University of Essex

Bird’s eye view. The round thing is not a cyclotron but a student accommodation building.

University of Essex celebrated its 50th anniversary in 2014. That year, the Times has ranked it 22nd in the world (3rd in the UK) in the “under 50 years old” category. The university is located in the picturesque Wivenhoe Park which was acquired as the site for a new university in 1961. Albert Sloman was appointed the first Vice-Chancellor of the new university in 1962. The University accepted its first 122 students in 1964 and gained a royal charter granting a university status in 1964. In 1968 it was at the forefront of student unrest that contributed to the changes in the civil rights around the globe in the 60s. Now, the University of Essex is home to almost 12,000 students.



Alex Kingston shows, rather convincingly, what Boudica might have looked like.

Wivenhoe Park is in Colchester, the oldest recorded town in England. The record was made by Pliny himself in his Naturalis Historia in 77 AD. The town at the time was called, in the Roman way, Camulodunum. It was a Celtic fortress conquered by Claudius in the AD 40s. That town has been burned down by Boudica, the very upset queen of the local Celtic tribe Iceni, in the famous uprising she had led against the Romans in 60 AD that involved 100,000 of her supporters (or so Wikipedia says). Boudica also demolished the temple of Claudius, a large octastyle temple (which means with eight frontal columns in the portico) built to commemorate Roman presence in Camulodunum. Its foundation, as well as Roman bricks, were used a millennium later (ca. 1069) by the Normans to build a castle which is now, as a museum, a major tourist attraction in town. In 2013-14, the castle underwent a £4.2 M refurbishment which makes the site a must-see. Colchester is also famous for its zoo which was ranked 12th in the world and second in the UK by TripAdvisor. One might also like to know that Roger Penrose was born in Colchester and Mary Whitehouse died in it.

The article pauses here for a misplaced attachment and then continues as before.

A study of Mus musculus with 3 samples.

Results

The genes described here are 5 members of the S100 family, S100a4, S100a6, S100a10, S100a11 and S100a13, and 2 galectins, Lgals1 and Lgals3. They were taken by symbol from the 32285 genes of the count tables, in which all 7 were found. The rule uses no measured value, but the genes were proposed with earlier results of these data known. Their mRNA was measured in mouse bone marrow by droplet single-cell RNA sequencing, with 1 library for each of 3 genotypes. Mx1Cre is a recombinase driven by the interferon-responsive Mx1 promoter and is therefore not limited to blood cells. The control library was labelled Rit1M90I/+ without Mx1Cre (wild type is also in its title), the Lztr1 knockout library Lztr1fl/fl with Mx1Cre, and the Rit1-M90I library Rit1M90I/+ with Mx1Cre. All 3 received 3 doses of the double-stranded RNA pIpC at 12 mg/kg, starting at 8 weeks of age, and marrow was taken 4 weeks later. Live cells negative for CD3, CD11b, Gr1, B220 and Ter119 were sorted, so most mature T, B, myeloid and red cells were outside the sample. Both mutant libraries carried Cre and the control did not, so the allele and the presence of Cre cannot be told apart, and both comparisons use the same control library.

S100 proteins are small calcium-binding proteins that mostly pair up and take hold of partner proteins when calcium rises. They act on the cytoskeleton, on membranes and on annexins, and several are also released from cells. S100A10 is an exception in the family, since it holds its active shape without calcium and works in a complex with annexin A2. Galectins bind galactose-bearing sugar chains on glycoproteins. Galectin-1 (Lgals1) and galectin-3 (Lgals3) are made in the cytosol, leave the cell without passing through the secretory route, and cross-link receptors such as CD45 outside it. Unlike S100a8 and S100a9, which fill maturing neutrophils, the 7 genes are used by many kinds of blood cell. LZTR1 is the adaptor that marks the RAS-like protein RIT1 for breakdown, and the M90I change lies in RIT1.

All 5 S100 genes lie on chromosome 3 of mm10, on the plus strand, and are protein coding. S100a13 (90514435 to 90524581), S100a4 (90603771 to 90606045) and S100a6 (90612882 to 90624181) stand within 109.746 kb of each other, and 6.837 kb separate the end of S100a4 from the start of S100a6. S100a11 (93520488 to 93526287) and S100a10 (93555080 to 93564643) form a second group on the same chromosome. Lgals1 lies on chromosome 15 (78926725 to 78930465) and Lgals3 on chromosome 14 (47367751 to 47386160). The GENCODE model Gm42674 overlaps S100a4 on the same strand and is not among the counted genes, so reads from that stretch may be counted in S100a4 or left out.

Biomedical EPR facility at Essex

Using the Facility is easy – just sit back and relax.

Over 60 academic staff of the School of Biological Sciences provide teaching and carry out research in biochemistry, biomedical science, sports science, ecology, and marine biology. The School has always contributed significantly to the renowned quality of research of the University of Essex. The Biomedical EPR Facility has contributed to that since its foundation in 1996.

The research performed with the use of the Facility over the years falls into the categories of free radical mechanisms of oxidative stress, mitochondrial dysfunction, enzymatic mechanisms of peroxidases, cytochromes, protein bound free radicals (particularly the tyrosyl radicals), copper containing enzymes, haemoglobin natural toxicity.


Wivenhoe House

Wivenhoe Park by John Constable, 1816. National Gallery of Art, Washington, DC.

Wivenhoe House is the venue of the meeting. The house has been featured in the famous painting by John Constable commissioned by the owner of the estate, general Francis Slater Rebow, for the fee of 100 guineas. The Rebow family owed the estate until 1902 when it was sold to Charles Edmund Gooch. During the Second World War, the house was requisitioned by the War Department, and a tank regiment was stationed in the park. The house once also served as the headquarters of the SAS. It was the Gooch family that sold Wivenhoe Park and Wivenhoe House to the University of Essex in 1961. In 2012 the University completed a £10m development of the building: the original house was fully refurbished in its original style and a modern wing was added.